Contributor I

How do you stop an employee emailing a sensitive document?

How do you stop an employee sending a sensitive document through their personal email? Endpoint DLP is supposed to prevent such things, but when going into the details, the products that I've looked at seem to provide little or no protection to this route.

 

If you have a product to suggest - what technical measures does it use to stop someone opening gmail and uploading the document?

18 Replies
tmekelburg1
Community Champion

Web filters or web security gateways are another way to do it. It's not 100% perfect, as in there are ways around it just like DLP but the combination of the two would certainly be better than just one solution.   

AlecTrevelyan
Community Champion

Is there a reason you can't just block access to Gmail entirely? You can do this with NGFW or proxy (a.k.a secure web gateway) solutions pretty easily.

 

Many will allow you to be granular with the actions users can take if you don't want to block access entirely. e.g. Users can login and read emails but not compose new ones, or compose new ones but not add attachments.

 

If the company uses Gmail itself, then are you really asking how to differentiate between the company's Gmail and users' personal Gmail accounts? Google themselves have documented some options to achieve this, one of which is HTTP header insertion again using an NGFW or proxy:

 

https://support.google.com/a/answer/1668854

 

steampunk
Newcomer II

There are a few ways. The easiest way to remove Gmail is using a firewall or IPS with application control. They can still browse but will not be able to log in to Gmail. Some IPS solutions are smart enough to know if they are using the upload option, but there are still ways around it by using regular Gmail. You could still open up a file and cut and paste it. I would disable Gmail (All webmail) altogether. Cisco FirePower, I believe, has this function. Not cheap.

AlecTrevelyan
Community Champion


@steampunk wrote:

There are a few ways. The easiest way to remove Gmail is using a firewall or IPS with application control. They can still browse but will not be able to log in to Gmail. Some IPS solutions are smart enough to know if they are using the upload option, but there are still ways around it by using regular Gmail. You could still open up a file and cut and paste it. I would disable Gmail (All webmail) altogether. Cisco FirePower, I believe, has this function. Not cheap.


If the endpoint DLP isn't catching this, then network DLP should.

 

Additionally, capabilities like user and entity behaviour analytics (UEBA) can identify users doing things like stealing intellectual property oftentimes more effectively than traditional DLP solutions.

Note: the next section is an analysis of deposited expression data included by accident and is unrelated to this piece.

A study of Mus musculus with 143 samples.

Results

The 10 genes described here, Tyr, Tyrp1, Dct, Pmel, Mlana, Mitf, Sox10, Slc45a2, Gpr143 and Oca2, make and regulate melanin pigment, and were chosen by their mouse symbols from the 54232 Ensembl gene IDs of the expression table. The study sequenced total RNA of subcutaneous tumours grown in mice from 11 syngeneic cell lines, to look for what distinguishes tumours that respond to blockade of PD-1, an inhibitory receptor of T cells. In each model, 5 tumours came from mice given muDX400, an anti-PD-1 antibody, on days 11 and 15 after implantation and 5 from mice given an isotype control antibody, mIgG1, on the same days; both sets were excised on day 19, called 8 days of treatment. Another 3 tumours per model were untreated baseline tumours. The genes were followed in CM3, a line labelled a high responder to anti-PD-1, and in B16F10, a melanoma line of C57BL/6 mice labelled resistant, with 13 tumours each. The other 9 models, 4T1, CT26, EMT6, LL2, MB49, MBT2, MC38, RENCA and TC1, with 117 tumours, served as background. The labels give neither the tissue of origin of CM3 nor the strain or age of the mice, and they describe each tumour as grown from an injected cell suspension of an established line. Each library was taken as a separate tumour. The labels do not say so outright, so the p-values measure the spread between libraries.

This is all high-end capability though, so the appetite to deploy it depends on the value of your company's data and the assessment the company has made of the risks to that data.

 

Steve-Wilme
Advocate I

You could consider looking at Proofpoint as an email gateway as it has DLP functionality built in, plus the capability to encrypt email in transit.  Secondly, classify your emails by sensitivity and provide awareness training around email security.  There is obviously the risk that employee may directly login to web mail clients and upload sensitive information so you either need an endpoint DLP product and/or to block all webmail.  

 

gidyn
Contributor I

To those advising that I block Gmail or implement network filtering - perhaps I wasn't clear enough in the scenario.

 

  1. An employee, who uses a laptop for work, takes it home (or to a public hotspot or wherever), with a sensitive file. Company policy allows this.
  2. They log into their personal email, which could be Gmail, some boutique provider that you've never heard of, or something they host themselves with old-style web hosting. Nothing on the corporate network or mail gateway can see this.
  3. They email the sensitive document as an attachment.

Employees must be allowed to take their laptops home (particularly during pandemics). The only solution I can think of is VDI, which is more overhead than corporate is prepared to invest in.

Steve-Wilme
Advocate I

You could put a proxy agent on the laptop for internet traffic.  And so long as you had administrative control of the laptop you could control what could be accessed.  It would be worth looking at removable media controls at the same time.

 

dcontesti
Community Champion

There are many questions unanswered.

 

1. Do the laptop users have admin privilege on the device?

2. Is gmail your corporate emails system?

3. Do you have any "Security" software on the devices?  Which ones?

4. What operating systems (which browsers do you allow or is it a free-for all)?

5. Do you have any DLP on the devices?

6.  Do you have any type of "content filtering software" on the devices?

 

Also keep in mind, that confidential data can be stolen in other ways (hard copy, thumb drive), so you may have to implement Printing security software.  Additionally, you should disable either the CD drive or the thumb drive.

 

There are also things you can do to the data that will not allow a user to download (that is they can only see it or touch it at work).   Check out: https://support.microsoft.com/en-us/office/prevent-users-from-downloading-content-from-a-site-98821e...

 

We would love to help you, so send along some additional information.

 

Regards

 

d

 

 

tmekelburg1
Community Champion

As @Steve-Wilme and others have said, it's installing a web proxy agent that filters back to either an on-prem filter or SaaS cloud filter. This is pretty much what every school in the U.S. does to keep kids safe when using school devices at home.